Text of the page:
Thursday, August 7, 2008
There has been a lot of activity over the past few days. The brothers McMains and Cousin Robert, after a week of spectacular hikes decided to take the waters at Radium Hot Springs, a few hours south of Golden. The trip was a bust, the town had turned the springs into concrete pools that had all the charm of middle-school summer camp, radium or not. As much as irradiating the young appeals to me, we were about to see the downside of living around radioactive water.
We stopped at a local (it sounds much nicer than wild-assed eccentric) woodcarver’s house/shop. It had the creepy, down-the-rabbit-hole feel that is only rivaled by the Jerry Lee Lewis Family House, Museum and Drive-Through Liquor Store in Ferriday, Louisiana. A real carnival freak show. Rolf, the proprietor/inhabitant, sculpts bearded and pipe-puffing faces out of gnarled juniper stumps.
Where the Lewis Family Museum has neck high piles of bottles wrapped in Christmas tinsel, Rolf has goats. Rolf’s goats paced the stockade like compound on an elevated walkway that circles the whole property. A black teddy and various pieces of women’s underwear flew high above the split wood palisades like signal flags in some sort of kinky semaphore and a rusting ski-gondola dangled over head.
The walls were lined with doors, clearly leading to nowhere and all bearing cryptic messages like “No two or four legged dogs.” A low, piñon fire smoked under something that might have been an oil drum or an artillery shell from the Spanish Civil War. An unhinged mind was at play in a garden of its own creation.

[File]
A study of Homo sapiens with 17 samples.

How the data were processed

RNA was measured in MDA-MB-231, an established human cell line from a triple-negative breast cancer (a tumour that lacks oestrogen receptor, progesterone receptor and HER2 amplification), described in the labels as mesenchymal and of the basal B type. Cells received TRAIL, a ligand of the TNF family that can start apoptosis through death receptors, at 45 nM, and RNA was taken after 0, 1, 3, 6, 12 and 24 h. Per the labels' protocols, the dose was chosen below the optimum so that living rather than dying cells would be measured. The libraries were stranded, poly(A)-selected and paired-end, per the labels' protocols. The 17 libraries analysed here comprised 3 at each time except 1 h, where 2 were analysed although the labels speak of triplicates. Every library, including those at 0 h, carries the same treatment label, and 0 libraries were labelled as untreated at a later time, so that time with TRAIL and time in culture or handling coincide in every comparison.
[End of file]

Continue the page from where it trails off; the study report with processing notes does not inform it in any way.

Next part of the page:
It was at this moment that Robert, somewhat unnerved, asked if any of us had seen The Wicker Man. “You know, the original British version?” “Because” he continued, under his breath, “this feels like that movie and I think we should leave, like right now.”
Robert edged toward the exit and from under the shadow of the now somewhat menacing gondola. My brothers and I only had a few seconds to look around at each other before small, high-pressure water jets rose up out of the bark covered ground and trapped us in a dousing crossfire. I made a run for it, precious camera held above my head, but I still got a good soaking. Daniel and Cooper took a little longer to decide what to do and ended up wetter for it. I should mention that we discovered the purpose of the doors along the walls. They did not lead outside, like doors should. When you turned the knob or pulled them open, explosions of water leapt out of dark and previously innocent looking corners, dowsing you. Rolf fancied himself a joker. The four men standing before him in wet jeans were less sure.
It probably does not need to be said that we chose not to buy any of Rolf’s artwork. We had had quite enough of Rolf. Rolf was lucky to avoid violence. Not that we are a tough and brawling family but he was outnumbered and wearing a pink, taffeta cape that would have made fighting back difficult.
Wet, feeling a little abused and with a two-hour drive ahead of us, we headed to our car and out of Radium Hot Springs. I stopped to take a final picture of Rolf’s compound and was rewarded with a parting soak from a water cannon high in his lunatic battlements. I should have known.
The town will not be getting many stars in the family guidebook. But, for raw comedy, it stands apart. The next morning Robert flew back to New York and the day after that Cooper returned to Chicago. It was back down to the original traveling band: Daniel, Dad and Me.
I am holding back on you all. The days since Radium Hot Springs and Golden, British Columbia have brimmed with all manner of sights: deep, sandstone canyons, salt fields like burning ice, Hell’s Angels, petraglyphs, tiki bars, modern art and other wonders. All that will have to wait for further emails. Right now, we are headed to Albuquerque, today is Daniel’s birthday and it is just too pretty outside my window to spend all morning typing.